Extinction could be a thing of the past

Advances in cloning technology hold out new hope for endangered species while archaeologists learn more from fossilised prints

Scientists are on the brink of revitalising an endangered species using cloning - and have plans to bring extinct animals back to life.

Scientists are on the brink of revitalising an endangered species using cloning - and have plans to bring extinct animals back to life.

An ordinary cow named Bessie on an Iowa farm is now carrying the embryo of a breed called the gaur. The humpbacked cow-like jungle animals, native to India and Burma, are officially listed as endangered.

Bessie's gaur calf - already called Noah - should be born next month, after being created using DNA from a skin cell taken from a dead gaur. The researchers at Advanced Cell Technology (ACT) in Worcester, Massachusetts also intend to attempt cloning giant pandas.

But their most ambitious plans include bringing back an extinct species - beginning with a Spanish mountain goat, whose last known survivor died nine months ago. Some of that goat's cells have been preserved in liquid nitrogen, and could be cloned like the gaur's - potentially achieving thehistoric first of resurrecting an extinct species.

"It's not science fiction. It's real," Robert Lanza, vicepresident of medical and scientific development at ACT told The Washington Post. "One hundred species are lost every day, and these mass extinctions are mostly our own doing. Now that we have the technology to reverse that, I think we have the responsibility to try."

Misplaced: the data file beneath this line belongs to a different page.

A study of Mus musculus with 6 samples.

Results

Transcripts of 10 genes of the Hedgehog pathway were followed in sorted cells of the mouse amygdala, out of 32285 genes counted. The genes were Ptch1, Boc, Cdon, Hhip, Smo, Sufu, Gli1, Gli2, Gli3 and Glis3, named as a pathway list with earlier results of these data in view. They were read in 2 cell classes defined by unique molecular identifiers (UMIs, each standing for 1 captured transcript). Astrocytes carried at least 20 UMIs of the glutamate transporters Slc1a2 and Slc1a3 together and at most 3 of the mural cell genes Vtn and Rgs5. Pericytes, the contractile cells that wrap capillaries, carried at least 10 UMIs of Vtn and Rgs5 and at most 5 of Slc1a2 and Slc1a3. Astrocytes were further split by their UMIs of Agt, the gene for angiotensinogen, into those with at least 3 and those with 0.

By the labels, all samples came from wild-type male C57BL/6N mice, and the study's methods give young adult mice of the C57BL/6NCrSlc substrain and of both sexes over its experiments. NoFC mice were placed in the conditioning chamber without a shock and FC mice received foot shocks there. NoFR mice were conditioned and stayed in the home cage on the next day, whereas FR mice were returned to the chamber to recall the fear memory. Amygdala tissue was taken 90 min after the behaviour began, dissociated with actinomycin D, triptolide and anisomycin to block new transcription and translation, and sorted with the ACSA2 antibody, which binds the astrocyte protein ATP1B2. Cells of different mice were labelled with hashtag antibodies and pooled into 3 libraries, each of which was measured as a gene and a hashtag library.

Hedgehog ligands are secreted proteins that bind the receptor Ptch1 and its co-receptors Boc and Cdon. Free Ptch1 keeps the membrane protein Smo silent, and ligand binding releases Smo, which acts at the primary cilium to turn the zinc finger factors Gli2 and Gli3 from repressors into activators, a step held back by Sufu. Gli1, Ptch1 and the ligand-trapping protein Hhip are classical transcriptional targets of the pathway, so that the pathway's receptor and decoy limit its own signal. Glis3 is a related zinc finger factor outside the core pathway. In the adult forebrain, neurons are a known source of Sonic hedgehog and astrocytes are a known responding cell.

Not all conservationists are eager to see him succeed. "There is a very hollow echo of a gaur in the birth of that animal to a cow in Iowa," responded Kent Redford, an international programme scientist with the Wildlife Conservation Society in New York. "To say that it is a gaur disrespects all gaurs in the places where gaurs live. That animal will never live its life in truegaurdom, to wander in the forests of India and frolic with other gaurs and die and let teak trees grow out of it. That's the gaur I'm working to save."

Researchers say the technology could not lead to a real-life "Jurassic Park" - in which dinosaurs are cloned by extracting their DNA from insects that died millions of years ago. DNA is a complex chemical that decays too much over such enormous periods to make cloning possible.

The animals are being produced using the technique developed and made famous by Scottish researchers who created Dolly the sheep, the first adult mammal clone, in 1996. The nucleus of the egg of a "surrogate" animal is removed, and replaced with that of the animal to be cloned. The cell then has a full complement of genetic material belonging to the cloned animal, and in effect is a fertilised egg. This is then implanted in the womb of a surrogate animal and brought to term.

Since Dolly's arrival the technique has principally been used on farm animals, but scientists speculate that it could be used effectively on endangered and extinct species too.

Bessie the cow is the first animal to act as a surrogate for another species - an essential step to repopulating endangered species. ACT scientists have determined that pandas will not be good hosts for panda clones. They have asked American hunters to harvest egg cells from any female black bears they kill, because they believe the bears will make better surrogates for pandas.